It's about "100 percent parity across all platforms".

Simon 'Ghost' Riley in 2023's Call of Duty Modern Warfare 3
Image credit: Activision

Xbox head Phil Spencer has shed more light on what Microsoft's recent acquisition of Call of Duty maker Activision will mean for the series, and no, it isn't about using timed exclusivity deals for the franchise in order to sell consoles.

In an interview on the official Xbox podcast, the exec spoke more about last week's historic merger that finally saw Microsoft close the deal on its Activision Blizzard King buyout. He phil-ed us in, if you will.

Of course, during last night's interview, the topic of Call of Duty came up. This series has often been front and centre of the ongoing trials and tribulations of recent times. In fact, at one point, Sony suggested Microsoft could deliberately release a version of the game on PlayStation platforms with degraded performance (something Microsoft said it would not do).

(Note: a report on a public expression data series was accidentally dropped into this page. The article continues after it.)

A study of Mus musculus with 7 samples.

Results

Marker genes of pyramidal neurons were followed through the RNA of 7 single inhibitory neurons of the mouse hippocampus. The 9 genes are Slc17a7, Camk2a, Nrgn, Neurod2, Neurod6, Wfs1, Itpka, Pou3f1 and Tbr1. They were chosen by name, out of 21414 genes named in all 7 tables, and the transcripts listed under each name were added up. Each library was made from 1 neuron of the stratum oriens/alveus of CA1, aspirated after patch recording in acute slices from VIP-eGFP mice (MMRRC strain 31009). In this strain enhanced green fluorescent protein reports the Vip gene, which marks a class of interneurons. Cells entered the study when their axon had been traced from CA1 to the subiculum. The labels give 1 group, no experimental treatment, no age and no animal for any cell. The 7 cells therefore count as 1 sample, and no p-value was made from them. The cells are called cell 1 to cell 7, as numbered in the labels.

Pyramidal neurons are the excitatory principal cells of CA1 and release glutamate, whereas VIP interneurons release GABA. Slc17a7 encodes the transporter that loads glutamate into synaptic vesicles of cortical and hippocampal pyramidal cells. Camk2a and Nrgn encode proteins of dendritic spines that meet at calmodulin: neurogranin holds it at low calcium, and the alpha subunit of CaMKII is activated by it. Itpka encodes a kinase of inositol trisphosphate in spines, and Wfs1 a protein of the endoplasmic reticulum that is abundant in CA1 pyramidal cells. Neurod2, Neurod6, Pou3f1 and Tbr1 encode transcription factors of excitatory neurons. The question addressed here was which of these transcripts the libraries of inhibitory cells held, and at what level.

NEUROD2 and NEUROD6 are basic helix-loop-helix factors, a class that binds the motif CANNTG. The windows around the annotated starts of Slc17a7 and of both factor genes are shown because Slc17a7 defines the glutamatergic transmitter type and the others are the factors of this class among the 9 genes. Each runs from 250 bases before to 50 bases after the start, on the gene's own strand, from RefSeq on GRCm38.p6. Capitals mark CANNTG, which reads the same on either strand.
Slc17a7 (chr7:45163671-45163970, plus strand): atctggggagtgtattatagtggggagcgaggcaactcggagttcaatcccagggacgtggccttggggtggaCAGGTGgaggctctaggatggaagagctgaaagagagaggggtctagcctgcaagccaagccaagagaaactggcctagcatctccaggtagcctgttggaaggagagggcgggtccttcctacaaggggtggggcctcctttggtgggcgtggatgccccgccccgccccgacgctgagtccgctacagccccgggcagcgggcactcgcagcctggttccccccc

Activision Blizzard King joins Xbox - the official trailer.Watch on YouTube

Spencer said that he wants Call of Duty fans playing on PC, PlayStation or Nintendo to feel "100 percent part of the community" without any extra hold-ups to entry or exclusive content.

"I don't want you to feel like there is content you're missing out, there's skins you're missing out, there's timing that you are missing out on," Spencer said. "That's not the goal."

So, what is the goal? In Spencer's words, when it comes to Call of Duty, it is about "100 percent parity across all platforms as much as [Microsoft] can for launch and content".

Spencer clarified that by 'as much as [Microsoft] can' in this case means things such as frame rate and resolution, which may differ if a console is physically unable to hit the same performance as others. "But there is nothing else," he continued. "We have no goal of somehow trying to use Call of Duty to get you to buy an Xbox console. I want the Call of Duty nation to feel supported across all platforms."

Spencer noted that Xbox has been "on the other side" of certain franchise exclusivities before. At this point, he mentioned the recent beta of Modern Warfare 3, which was available to PlayStation users before it was then able to be accessed by the wider Call of Duty community.

"I just - I don't think that helps the community. I don't think that helps the game," Spencer said.

Elsewhere in Spencer's chat, the exec spoke more about when we can expect to see Activision Blizzard games making their Xbox Game Pass debut.